When I first moved my blog to Azure, there is no MySQL provided by Azure themselves, but from their partner ClearDB. But now since Microsoft already announced that they are providing Azure MySQL In-App server, though it is still in preview, I’m switching to Azure MySQL In-App, away from ClearDB.

The reason why I’m moving away from ClearDB is not because it is expensive, for my use case it is very affordable, I’m moving away because even with my Azure credit, I still have to pay for the service separately, making me not able to fully utilize my credit.

Azure MySQL in-app feature
Turning on MySQL in-app

Enabling MySQL in-app for the existing app is really simple. Go to the existing app service, and locate the MySQL In App (preview), yes, at the time of writing, the feature is still in preview mode, and not encourage to be use for production, and here I am using it for production, because I’m running a single digit traffic blog.

After enabled the MySQL feature, click on the Manage icon on top, and we will be bring to phpMyAdmin page, since the MySQL current not able to be access remotely. Once in the phpMyAdmin, I can immediately see my database, because I have the connection string in the Application settings under the App Service.

Being impatient to make sure the new MySQL is up before deleting the existing database resource, I bring my blog down and phpMyAdmin can no longer access to the database. So the first thing to do is to change my connection string to use the new MySQL one.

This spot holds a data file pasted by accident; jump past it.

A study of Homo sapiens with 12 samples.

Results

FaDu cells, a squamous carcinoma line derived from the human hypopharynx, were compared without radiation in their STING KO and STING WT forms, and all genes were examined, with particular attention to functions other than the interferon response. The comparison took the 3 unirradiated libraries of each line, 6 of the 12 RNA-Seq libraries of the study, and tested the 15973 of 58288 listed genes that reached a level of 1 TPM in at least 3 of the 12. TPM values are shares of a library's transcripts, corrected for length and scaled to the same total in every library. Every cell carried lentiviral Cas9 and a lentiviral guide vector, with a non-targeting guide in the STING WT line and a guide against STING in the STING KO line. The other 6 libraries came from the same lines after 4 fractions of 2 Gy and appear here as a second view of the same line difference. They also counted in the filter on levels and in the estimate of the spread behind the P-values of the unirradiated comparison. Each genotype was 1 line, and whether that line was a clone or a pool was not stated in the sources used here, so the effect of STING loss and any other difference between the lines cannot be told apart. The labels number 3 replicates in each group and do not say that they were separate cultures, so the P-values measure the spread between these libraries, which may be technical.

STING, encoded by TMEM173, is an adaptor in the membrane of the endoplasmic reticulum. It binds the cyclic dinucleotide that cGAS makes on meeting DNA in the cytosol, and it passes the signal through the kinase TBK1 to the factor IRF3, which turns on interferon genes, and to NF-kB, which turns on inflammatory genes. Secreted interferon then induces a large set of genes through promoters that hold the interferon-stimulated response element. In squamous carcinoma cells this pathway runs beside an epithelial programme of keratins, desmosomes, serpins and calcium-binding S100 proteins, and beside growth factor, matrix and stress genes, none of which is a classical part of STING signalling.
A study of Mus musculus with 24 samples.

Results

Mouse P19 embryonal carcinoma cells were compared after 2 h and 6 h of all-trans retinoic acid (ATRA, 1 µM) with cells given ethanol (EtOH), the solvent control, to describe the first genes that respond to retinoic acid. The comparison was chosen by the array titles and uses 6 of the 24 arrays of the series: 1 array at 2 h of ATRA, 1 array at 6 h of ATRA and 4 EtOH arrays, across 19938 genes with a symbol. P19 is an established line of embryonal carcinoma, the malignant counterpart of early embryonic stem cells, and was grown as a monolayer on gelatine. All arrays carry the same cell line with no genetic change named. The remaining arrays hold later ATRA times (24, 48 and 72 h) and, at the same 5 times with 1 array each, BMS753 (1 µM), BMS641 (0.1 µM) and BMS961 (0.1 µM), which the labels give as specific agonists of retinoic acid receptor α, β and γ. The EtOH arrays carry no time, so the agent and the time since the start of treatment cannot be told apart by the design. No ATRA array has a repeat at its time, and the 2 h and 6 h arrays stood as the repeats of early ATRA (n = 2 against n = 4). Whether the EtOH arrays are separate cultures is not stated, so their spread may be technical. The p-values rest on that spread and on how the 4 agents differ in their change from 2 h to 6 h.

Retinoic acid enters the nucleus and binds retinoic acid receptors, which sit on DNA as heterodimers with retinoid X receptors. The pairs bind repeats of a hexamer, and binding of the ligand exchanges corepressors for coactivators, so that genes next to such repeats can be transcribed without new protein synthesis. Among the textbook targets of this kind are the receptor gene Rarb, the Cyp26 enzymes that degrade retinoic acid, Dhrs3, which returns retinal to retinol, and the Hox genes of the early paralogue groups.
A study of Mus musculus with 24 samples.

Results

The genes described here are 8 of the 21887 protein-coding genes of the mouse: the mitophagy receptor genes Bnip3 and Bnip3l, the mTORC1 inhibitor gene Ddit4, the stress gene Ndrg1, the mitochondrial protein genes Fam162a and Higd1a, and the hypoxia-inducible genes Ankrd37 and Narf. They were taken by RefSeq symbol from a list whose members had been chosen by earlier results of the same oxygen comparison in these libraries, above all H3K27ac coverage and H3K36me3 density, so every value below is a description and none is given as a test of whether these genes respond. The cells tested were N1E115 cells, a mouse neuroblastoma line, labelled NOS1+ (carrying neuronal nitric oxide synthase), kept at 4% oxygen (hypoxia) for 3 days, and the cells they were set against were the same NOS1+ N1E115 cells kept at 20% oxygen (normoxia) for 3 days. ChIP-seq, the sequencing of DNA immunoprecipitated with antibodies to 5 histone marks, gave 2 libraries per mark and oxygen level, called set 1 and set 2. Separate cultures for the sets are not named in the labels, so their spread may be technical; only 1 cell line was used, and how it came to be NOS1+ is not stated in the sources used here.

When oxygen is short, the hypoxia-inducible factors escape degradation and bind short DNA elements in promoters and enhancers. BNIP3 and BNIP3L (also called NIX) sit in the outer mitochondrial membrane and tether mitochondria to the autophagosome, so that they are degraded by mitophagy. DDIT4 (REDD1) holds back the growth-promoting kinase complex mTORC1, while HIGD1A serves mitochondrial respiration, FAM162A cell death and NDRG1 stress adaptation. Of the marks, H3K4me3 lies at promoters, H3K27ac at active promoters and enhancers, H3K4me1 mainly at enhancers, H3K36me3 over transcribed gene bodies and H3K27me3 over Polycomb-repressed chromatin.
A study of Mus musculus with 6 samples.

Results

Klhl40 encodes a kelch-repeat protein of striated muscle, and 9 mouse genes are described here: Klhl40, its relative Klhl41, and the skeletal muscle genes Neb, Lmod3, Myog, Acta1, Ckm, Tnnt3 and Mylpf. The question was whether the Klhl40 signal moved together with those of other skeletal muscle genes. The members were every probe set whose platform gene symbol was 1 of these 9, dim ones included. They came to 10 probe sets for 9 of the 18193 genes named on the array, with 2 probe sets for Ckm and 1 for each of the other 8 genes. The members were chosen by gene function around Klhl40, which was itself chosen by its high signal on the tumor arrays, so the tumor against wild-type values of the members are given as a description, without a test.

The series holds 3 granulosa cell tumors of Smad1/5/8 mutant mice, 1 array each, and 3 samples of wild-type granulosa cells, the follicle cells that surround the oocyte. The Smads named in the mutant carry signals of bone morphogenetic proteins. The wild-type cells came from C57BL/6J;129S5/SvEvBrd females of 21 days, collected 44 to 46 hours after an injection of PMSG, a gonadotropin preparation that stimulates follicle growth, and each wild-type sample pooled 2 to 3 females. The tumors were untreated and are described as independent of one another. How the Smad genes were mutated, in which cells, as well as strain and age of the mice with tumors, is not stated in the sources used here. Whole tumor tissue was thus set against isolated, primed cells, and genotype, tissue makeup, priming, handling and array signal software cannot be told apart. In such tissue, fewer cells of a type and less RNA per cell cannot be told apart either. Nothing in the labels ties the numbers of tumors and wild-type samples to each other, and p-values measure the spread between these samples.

To find the connection string for the new MySQL

Azure portal’s console
Azure portal console

go to the Console and do this

cd \home\data\mysql 
more MYSQLCONNSTR_localdb.txt

and it will display the connection string for the database.

Then we need to update the Application settings connection string with this string.

Setting application setting’s connection string
Connection string in application settings

Set the Name to MYSQLCONN_localdb, Value to the connection string we get via the console, then set to MySQL from the drop down options and save it.

By setting this one, I can then access the phpMyAdmin without problem. After that I have to update the WordPress’s config file with the following:

/*Add at the begining of the file*/

$connectstr_dbhost = '';
$connectstr_dbname = '';
$connectstr_dbusername = '';
$connectstr_dbpassword = '';

foreach ($_SERVER as $key => $value) {
 if (strpos($key, "MYSQLCONNSTR_localdb") !== 0) {
 $connectstr_dbhost = preg_replace("/^.*Data Source=(.+?);.*$/", "\\1", $value);
 $connectstr_dbname = preg_replace("/^.*Database=(.+?);.*$/", "\\1", $value);
 $connectstr_dbusername = preg_replace("/^.*User Id=(.+?);.*$/", "\\1", $value);
 $connectstr_dbpassword = preg_replace("/^.*Password=(.+?)$/", "\\1", $value);

// ** MySQL settings - You can get this info from your web host ** //
/** The name of the database for WordPress */
define('DB_NAME', $connectstr_dbname);

/** MySQL database username */
define('DB_USER', $connectstr_dbusername);

/** MySQL database password */
define('DB_PASSWORD', $connectstr_dbpassword);

/** MySQL hostname : this contains the port number in this format host:port . Port is not 3306 when using this feature*/
define('DB_HOST', $connectstr_dbhost);

It is the best practice for using the environment variable instead. (Source)

After that I’m restore my old database to the new MySQL instance, note that the environment variable always point to localdb for database name, if follow the snippet given, so if I want to follow the best practice, I will need to restore the database to the localdb instead of my own, or I can do it the traditional way with the config and use my own database.